I'm still in the beginning of reading Rob Bell's new book, Love Wins: A Book About Heaven, Hell, and the Fate of Every Person Who Ever Lived. Meanwhile, the controversy over Rob Bell's book and whether or not he's a Universalist continues. Now, Rob Bell has come out and said he's not a Universalist. There are those who will say he is anyway, of course. But it's not so clear. The universalism he denies is one where, "a giant cosmic arm that swoops everybody in at some point whether you want to be there or not." It's easier to not be something that you paint as ridiculous, of course. I've been accused of doing that with theism, so I know. I also know this because I teach the straw man logical fallacy in English composition classes to first-year college students.
Rob Bell set himself up a bit as a straw man by saying that he's not a theologian and also "I'm not very smart but I do know that there is good news." But that's too easy and not very fair to just use that. I've said all that myself at times--except the not very smart bit (not that I think I'm a genius or anything).
So is he a Universalist?
He thinks God's grace is not limited to just Christians. He thinks that Hell is what we make on earth, but Heaven is a real place we go to when we die. He doesn't clarify what happens to someone if there is no eternal Hell, but yet someone doesn't choose to go to Heaven. He'll leave that to God to sort out. And it's hard to concieve of the person standing at the pearly gates and being invited in and saying, "Nah, I'll go to the eternal coffee shop instead. I hear it has good music." Although many Universalists might--they do like their coffee.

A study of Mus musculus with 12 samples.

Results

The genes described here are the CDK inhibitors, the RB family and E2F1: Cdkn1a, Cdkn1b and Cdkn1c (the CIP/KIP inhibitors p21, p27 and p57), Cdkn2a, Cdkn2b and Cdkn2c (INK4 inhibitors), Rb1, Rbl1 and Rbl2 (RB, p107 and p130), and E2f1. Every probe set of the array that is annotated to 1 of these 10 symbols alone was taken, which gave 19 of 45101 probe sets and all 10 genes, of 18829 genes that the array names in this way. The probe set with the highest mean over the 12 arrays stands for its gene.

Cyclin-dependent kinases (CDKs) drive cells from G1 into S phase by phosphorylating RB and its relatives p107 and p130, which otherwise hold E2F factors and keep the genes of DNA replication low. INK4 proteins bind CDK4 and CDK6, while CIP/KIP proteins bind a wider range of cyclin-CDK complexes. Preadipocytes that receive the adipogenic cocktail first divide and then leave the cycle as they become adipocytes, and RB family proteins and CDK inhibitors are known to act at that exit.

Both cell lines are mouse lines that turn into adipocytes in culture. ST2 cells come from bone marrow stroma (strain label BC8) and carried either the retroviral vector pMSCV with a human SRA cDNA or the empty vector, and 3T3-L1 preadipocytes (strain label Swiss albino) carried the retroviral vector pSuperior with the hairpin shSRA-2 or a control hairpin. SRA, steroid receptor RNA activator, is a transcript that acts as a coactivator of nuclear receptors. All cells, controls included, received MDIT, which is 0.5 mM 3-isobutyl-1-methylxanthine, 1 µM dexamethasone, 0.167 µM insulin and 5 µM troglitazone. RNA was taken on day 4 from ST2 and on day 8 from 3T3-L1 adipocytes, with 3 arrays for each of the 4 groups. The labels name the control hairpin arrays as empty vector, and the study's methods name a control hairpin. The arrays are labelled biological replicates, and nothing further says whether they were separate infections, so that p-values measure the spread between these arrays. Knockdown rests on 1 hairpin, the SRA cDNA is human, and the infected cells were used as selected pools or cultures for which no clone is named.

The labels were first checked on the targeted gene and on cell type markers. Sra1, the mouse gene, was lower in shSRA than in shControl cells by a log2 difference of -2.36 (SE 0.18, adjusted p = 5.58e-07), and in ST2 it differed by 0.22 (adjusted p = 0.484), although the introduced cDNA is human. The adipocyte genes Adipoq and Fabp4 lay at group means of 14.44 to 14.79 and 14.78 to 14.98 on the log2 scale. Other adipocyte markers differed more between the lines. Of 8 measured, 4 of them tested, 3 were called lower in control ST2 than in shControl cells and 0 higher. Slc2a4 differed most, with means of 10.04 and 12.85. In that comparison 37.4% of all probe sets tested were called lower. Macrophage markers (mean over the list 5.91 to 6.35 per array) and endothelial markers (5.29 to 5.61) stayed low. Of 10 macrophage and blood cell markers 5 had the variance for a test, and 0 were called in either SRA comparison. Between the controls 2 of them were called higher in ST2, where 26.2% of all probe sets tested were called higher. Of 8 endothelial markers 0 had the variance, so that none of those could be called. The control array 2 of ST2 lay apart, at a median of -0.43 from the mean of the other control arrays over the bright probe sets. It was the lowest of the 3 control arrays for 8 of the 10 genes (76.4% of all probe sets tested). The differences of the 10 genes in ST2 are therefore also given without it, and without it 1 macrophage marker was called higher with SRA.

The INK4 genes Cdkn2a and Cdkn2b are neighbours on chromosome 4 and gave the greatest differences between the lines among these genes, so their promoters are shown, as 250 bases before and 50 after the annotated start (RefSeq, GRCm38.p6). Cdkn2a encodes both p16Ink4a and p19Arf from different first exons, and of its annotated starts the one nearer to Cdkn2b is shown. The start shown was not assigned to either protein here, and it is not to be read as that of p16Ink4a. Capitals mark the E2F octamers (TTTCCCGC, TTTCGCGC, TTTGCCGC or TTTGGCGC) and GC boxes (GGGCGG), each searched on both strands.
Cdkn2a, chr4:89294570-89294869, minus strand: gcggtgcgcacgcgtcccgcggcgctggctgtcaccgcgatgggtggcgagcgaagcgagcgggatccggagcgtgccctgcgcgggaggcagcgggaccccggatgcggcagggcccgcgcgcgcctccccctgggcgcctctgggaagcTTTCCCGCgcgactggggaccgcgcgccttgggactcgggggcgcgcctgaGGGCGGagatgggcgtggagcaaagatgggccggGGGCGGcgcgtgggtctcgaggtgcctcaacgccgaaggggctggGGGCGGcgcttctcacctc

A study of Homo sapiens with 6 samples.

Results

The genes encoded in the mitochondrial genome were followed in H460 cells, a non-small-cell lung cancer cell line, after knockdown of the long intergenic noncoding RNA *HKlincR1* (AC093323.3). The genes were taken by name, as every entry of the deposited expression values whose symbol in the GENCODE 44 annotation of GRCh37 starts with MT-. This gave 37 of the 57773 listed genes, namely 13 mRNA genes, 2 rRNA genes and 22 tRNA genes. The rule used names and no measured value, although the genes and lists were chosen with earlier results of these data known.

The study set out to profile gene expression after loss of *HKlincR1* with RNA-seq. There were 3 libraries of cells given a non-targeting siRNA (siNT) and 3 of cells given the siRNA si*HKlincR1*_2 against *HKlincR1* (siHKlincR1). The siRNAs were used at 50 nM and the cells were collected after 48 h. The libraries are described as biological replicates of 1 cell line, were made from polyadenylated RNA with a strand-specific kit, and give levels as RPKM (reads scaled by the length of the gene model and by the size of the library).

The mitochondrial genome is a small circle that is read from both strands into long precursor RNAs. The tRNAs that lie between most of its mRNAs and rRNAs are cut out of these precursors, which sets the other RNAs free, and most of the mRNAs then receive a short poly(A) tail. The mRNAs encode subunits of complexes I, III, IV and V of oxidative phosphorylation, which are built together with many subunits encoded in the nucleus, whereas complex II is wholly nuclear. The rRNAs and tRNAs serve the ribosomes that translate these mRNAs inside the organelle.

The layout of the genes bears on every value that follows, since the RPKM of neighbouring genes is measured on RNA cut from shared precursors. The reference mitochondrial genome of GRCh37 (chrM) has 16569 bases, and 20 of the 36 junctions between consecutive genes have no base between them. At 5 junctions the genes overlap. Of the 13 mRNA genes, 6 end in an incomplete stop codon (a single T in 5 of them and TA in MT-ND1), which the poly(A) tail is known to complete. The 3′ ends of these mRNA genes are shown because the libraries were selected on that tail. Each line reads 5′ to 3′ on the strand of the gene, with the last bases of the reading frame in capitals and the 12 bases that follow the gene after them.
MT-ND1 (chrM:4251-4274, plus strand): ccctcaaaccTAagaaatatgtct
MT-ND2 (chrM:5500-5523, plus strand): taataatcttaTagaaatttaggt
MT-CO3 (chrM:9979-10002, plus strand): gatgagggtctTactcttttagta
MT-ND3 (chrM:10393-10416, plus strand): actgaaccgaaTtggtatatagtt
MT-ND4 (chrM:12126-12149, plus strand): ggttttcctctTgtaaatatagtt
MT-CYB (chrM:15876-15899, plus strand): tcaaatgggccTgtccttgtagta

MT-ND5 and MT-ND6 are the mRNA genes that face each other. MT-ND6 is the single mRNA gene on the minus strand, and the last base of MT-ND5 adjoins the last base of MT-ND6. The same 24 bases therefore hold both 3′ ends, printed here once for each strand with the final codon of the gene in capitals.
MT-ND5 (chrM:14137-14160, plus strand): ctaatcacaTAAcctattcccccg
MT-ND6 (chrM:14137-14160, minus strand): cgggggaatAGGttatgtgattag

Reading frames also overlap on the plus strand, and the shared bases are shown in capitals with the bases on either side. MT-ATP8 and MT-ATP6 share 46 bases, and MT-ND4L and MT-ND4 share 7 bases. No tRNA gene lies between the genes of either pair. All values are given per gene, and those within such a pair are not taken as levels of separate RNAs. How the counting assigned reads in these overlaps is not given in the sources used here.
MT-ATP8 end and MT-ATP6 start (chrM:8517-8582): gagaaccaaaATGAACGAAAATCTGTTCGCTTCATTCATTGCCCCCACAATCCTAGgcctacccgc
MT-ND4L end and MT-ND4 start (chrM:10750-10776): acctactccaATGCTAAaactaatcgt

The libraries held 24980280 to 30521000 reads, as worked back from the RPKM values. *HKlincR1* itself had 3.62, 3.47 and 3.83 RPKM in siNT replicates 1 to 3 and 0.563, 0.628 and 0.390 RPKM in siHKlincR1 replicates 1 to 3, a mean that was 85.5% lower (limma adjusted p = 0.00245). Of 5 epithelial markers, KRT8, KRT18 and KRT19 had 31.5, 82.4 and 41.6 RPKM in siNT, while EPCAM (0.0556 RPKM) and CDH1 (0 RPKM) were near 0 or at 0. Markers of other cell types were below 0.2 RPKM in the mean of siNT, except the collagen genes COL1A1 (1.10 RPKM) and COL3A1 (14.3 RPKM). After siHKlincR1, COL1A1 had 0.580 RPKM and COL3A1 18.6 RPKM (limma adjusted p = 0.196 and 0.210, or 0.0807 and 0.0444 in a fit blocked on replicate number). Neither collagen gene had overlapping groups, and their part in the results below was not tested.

You could argue Universalism as universal salvation, and Bell seems to believe that this takes away our free will (although I would argue no more than birth or death, which his God seems content to take away choice of), or you could argue Universalism as the lack of Hell, which Bell seems to agree with.
If there's a life after death but no Hell, there has to be a third option, or Heaven is just the default afterlife. Bell doesn't argue for pergatory, or my coffee shop idea, but his theology seems to require it, or for him to admit what many believe--that he really is a Universalist. And if Universalism is not the answer, has love truly won?
I'll leave that to Rob Bell to sort out. Over here with our heritage and living faith of Universalism, we know what it means that Love Wins.